A mental health worker who used false documents to get a job in the NHS has pleaded guilty and immediately been jailed for 15 months at Snaresbrook Crown Court, London (25th February 2016), after an investigation by local NHS fraud specialists, supported by NHS Protect.
Francis Adekola, 57, formerly of Crownmead Way, Romford, Essex, was employed as a Band 3 Social Therapist at the Newham Centre for Mental Health in East London, and was arrested at his workplace in January 2016.
He pleaded guilty to one count of Fraud by False Representation, contrary to the Fraud Act (2006), one count of Obtaining a Pecuniary Advantage by Deception, contrary to the Theft Act (1968), two counts of Using a False Instrument, contrary to the Forgery and Counterfeiting Act (1981) and two counts of Possessing/Controlling identity documents with intent, contrary to the Identity Documents Act (2010).
He was employed for ten years at the Newham Centre for Mental Health, earning nearly £300K in gross salary including extra bank shifts. During this time, Adekola presented three false passports - two British and one from the Ivory Coast - to his employers as proof of his identity.
Suspicions were raised during a routine document checking exercise. Copies of the passports were sent to the Home Office’s National Document Forgery Unit for further checking, which confirmed that all three documents could not be relied upon as evidence of Adekola’s nationality. Further checks revealed that Mr Adekola was a Nigerian national and had no legal right to remain or to work in the UK.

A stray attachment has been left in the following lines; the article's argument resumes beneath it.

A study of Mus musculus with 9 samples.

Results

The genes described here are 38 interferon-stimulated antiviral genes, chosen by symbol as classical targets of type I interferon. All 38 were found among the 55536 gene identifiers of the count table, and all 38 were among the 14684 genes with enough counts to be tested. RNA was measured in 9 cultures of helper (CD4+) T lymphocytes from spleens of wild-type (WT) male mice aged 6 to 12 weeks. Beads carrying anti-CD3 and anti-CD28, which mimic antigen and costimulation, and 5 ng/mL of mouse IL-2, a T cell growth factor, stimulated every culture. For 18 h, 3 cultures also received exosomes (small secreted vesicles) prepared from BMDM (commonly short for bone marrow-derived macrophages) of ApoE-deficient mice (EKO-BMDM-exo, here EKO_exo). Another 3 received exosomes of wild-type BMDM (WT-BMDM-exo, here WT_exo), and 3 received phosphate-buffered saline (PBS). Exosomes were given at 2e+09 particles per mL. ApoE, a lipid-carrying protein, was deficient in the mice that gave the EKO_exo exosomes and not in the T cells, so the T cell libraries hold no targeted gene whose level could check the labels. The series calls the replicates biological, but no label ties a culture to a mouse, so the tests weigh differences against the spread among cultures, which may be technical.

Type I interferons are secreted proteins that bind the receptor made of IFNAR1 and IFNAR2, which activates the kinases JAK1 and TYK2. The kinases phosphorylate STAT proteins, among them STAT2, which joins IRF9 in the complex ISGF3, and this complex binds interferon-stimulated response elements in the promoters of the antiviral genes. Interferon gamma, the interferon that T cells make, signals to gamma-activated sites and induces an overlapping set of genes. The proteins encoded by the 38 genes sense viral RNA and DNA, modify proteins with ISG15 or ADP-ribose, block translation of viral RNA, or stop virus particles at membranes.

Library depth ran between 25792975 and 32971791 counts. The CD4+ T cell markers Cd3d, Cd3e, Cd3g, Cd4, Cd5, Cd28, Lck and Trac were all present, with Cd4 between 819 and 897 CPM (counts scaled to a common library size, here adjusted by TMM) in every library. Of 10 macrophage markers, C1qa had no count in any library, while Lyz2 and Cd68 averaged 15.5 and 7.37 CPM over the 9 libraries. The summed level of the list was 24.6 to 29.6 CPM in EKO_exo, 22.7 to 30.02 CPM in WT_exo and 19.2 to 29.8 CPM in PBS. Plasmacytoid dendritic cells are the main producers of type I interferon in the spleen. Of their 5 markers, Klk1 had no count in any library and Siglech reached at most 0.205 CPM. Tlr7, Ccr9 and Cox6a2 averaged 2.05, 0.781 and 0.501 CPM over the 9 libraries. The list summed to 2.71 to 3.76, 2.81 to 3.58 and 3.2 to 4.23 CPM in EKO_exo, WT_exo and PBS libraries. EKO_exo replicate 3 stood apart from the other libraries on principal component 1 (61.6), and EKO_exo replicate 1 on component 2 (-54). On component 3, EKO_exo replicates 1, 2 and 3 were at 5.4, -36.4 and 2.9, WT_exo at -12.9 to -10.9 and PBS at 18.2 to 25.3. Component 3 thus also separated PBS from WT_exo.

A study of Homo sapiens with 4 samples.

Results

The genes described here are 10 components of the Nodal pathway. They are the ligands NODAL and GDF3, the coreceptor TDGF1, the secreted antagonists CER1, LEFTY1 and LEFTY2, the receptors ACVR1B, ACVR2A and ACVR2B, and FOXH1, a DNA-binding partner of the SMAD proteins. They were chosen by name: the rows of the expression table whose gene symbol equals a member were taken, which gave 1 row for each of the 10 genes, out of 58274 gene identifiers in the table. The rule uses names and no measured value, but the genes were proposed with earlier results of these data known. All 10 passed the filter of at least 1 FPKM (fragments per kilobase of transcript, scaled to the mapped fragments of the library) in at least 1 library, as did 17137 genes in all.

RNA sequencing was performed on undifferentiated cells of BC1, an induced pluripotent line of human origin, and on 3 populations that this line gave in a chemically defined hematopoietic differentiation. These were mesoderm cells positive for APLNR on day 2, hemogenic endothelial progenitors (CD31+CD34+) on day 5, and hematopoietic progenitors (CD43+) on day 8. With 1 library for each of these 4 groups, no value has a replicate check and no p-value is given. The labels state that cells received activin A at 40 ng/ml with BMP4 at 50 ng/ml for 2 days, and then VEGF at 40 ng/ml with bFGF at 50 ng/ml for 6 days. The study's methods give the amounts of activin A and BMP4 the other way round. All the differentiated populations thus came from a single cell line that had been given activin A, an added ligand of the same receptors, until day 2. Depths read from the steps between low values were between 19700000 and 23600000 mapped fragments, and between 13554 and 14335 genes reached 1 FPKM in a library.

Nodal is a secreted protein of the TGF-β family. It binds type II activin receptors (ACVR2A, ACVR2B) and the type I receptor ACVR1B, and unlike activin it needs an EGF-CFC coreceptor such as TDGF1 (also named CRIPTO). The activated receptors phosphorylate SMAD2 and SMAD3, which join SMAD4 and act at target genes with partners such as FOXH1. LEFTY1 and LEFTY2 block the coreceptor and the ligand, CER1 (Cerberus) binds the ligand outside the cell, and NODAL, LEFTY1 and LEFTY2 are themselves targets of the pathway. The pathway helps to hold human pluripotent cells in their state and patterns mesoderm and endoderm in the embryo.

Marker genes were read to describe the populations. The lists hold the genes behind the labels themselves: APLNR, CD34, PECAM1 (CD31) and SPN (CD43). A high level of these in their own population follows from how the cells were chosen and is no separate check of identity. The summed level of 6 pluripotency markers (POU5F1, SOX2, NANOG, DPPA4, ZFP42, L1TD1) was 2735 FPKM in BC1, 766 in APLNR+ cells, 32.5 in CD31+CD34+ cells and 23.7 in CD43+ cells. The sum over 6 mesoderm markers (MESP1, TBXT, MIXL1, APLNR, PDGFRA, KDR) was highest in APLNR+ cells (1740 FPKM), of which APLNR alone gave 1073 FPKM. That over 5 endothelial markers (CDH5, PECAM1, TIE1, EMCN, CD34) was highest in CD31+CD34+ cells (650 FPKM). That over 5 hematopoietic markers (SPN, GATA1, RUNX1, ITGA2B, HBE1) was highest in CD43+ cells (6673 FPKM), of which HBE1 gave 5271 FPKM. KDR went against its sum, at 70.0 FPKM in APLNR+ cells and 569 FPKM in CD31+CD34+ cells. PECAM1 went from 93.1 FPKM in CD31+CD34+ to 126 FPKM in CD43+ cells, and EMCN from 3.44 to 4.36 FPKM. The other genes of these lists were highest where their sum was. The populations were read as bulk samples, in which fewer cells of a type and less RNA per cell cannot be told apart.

The Department for Work & Pensions (DWP) confirmed that the National Insurance number he had provided did not exist, and his National Insurance card was also a forgery.
Kevin Cane, Area Anti-fraud Manager of NHS Protect, said today: "The NHS and public expect the highest standards of probity and honesty from its employees, especially those working with the vulnerable. Adekola’s sentence sends a message to others who might consider entering the NHS on false papers".
Zenda Butler, Local Counter Fraud Specialist, said, "Francis Adekola deceived his employer on numerous occasions, and denied a legitimate applicant the opportunity of NHS employment. His sentencing demonstrates that seeking to exploit the NHS for personal gain will not be tolerated".
For more information contact Dan Houghton or James Robertson at the NHS Protect press office on 020 7895 4523/4524.
Further information on NHS Protect is at www.nhsprotect.nhs.uk
Notes to Editors
1 To report any incident of suspected fraud in the NHS, please call the Fraud and Corruption Reporting Line on 0800 028 40 60 or report online at www.reportnhsfraud.nhs.uk
2. The value of fraud, bribery and corruption identified by NHS Protect and Local Counter Fraud Specialists (LCFSs) following the successful conclusion of investigations in 2014/15 was £11.9 million. The total value of money recovered by NHS Protect and LCFSs was £2.4 million.
3. As of 31 March 2015, NHS Protect was investigating allegations of fraud, bribery and corruption with a potential value of £20 million.
4. There are some 300 professionally-trained and accredited Local Counter Fraud Specialists in place within health bodies across England and Wales.
5. To report any incident of suspected fraud in the NHS, please call the Fraud and Corruption Reporting Line on 0800 028 40 60 or report online at www.reportnhsfraud.nhs.uk
6. NHS Protect is the operating name of the NHS Counter Fraud and Security Management Service.
7. At the time of Mr Adekola’s appointment to the NHS organization, the trust did not have the technology to verify the authenticity of documents.